1. How do elections and voting work?
When there’s an election everyone who is registered to vote and aged 18 and over will be able to vote in their local area.
Depending on the election, you could be asked to vote for your local councillor, your MP or in a referendum on a specific issue, such as whether your area should adopt a neighbourhood plan.
How local councillors are elected
Local councillors make decisions on important issues that will affect you now, and in the future, such as:
- where we should focus our efforts locally to help tackle climate change,
- where and how new housing gets built,
- how we work to help ensure there’s enough affordable housing,
- what leisure facilities are provided and
- how rubbish collections work.
To elect local councillors, we use the First Past the Post system – on your ballot paper, you’ll see a list of candidates and you’ll be asked to mark ‘X’ next to your chosen candidate or candidates.
The candidate with the most votes becomes the representative for your local area.
Some areas have two or more people representing them, but the system works the same – the candidates with the most votes are the winners.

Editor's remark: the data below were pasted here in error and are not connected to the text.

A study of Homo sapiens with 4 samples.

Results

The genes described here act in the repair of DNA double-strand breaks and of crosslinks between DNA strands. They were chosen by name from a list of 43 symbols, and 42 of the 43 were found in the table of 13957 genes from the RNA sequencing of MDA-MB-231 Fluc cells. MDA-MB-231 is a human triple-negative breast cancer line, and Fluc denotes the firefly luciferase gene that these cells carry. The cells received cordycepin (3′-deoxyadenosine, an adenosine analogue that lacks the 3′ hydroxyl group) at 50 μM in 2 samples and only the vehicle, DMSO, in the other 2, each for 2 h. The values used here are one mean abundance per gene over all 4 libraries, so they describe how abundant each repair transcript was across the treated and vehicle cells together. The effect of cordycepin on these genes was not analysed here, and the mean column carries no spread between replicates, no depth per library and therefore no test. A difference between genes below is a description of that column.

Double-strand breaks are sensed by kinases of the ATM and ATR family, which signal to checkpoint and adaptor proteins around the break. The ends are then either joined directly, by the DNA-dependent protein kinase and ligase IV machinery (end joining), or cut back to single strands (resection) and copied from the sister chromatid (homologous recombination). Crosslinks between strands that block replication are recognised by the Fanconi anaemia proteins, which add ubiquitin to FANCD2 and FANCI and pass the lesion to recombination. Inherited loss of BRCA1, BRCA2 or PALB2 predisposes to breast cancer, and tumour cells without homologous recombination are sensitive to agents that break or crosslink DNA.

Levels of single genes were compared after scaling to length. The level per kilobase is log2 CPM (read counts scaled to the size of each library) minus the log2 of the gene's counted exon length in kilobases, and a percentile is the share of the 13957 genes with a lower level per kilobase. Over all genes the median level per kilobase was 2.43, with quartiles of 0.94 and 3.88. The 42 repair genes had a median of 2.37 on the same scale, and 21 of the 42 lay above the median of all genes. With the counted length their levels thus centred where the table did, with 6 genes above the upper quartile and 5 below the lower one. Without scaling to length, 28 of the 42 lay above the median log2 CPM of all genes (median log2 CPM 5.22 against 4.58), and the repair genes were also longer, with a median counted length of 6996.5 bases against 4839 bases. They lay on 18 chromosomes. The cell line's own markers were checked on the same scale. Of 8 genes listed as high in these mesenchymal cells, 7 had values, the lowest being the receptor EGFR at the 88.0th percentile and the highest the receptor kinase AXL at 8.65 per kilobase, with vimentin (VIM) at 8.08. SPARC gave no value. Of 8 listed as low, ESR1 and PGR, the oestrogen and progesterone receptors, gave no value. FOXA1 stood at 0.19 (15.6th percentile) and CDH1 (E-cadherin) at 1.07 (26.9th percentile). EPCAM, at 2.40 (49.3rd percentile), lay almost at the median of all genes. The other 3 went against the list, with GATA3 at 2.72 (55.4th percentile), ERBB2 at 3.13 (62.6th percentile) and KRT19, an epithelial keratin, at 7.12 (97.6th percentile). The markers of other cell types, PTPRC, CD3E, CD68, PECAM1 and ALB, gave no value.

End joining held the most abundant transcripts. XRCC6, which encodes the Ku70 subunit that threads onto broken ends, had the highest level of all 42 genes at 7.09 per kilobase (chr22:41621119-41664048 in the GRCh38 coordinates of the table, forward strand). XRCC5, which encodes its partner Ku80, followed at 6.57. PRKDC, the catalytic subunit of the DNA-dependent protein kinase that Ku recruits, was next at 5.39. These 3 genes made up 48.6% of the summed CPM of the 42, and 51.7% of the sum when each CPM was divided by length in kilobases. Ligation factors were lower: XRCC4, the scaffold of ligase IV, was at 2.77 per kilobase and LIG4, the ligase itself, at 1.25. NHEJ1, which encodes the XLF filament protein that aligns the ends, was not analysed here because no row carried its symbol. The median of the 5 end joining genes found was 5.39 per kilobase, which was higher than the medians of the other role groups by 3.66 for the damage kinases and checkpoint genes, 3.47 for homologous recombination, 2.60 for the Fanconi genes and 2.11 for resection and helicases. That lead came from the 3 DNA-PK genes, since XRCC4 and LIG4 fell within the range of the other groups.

Remember to always read and follow the instructions on your ballot paper carefully.
How the UK Parliament is elected
MPs are elected to the House of Commons using a system called First Past the Post. You vote for one candidate in your constituency by marking ‘X’ next to their name.
There are 650 constituencies across the UK. Most candidates will be standing for a party. Simply, the candidate with the most votes in your constituency is elected and becomes your Member of Parliament.
The political party which has most MPs elected across the whole of the UK, wins the election and becomes the Government. They have what’s called a majority, meaning they have the largest number of MPs.
It’s important to remember that you don’t vote for the Prime Minister. Instead, members of each political party elect their own leader. If their party wins the majority, their leader becomes Prime Minister and that person chooses who takes other senior Government positions, such as Chancellor of the Exchequer, Home Secretary and Foreign Secretary.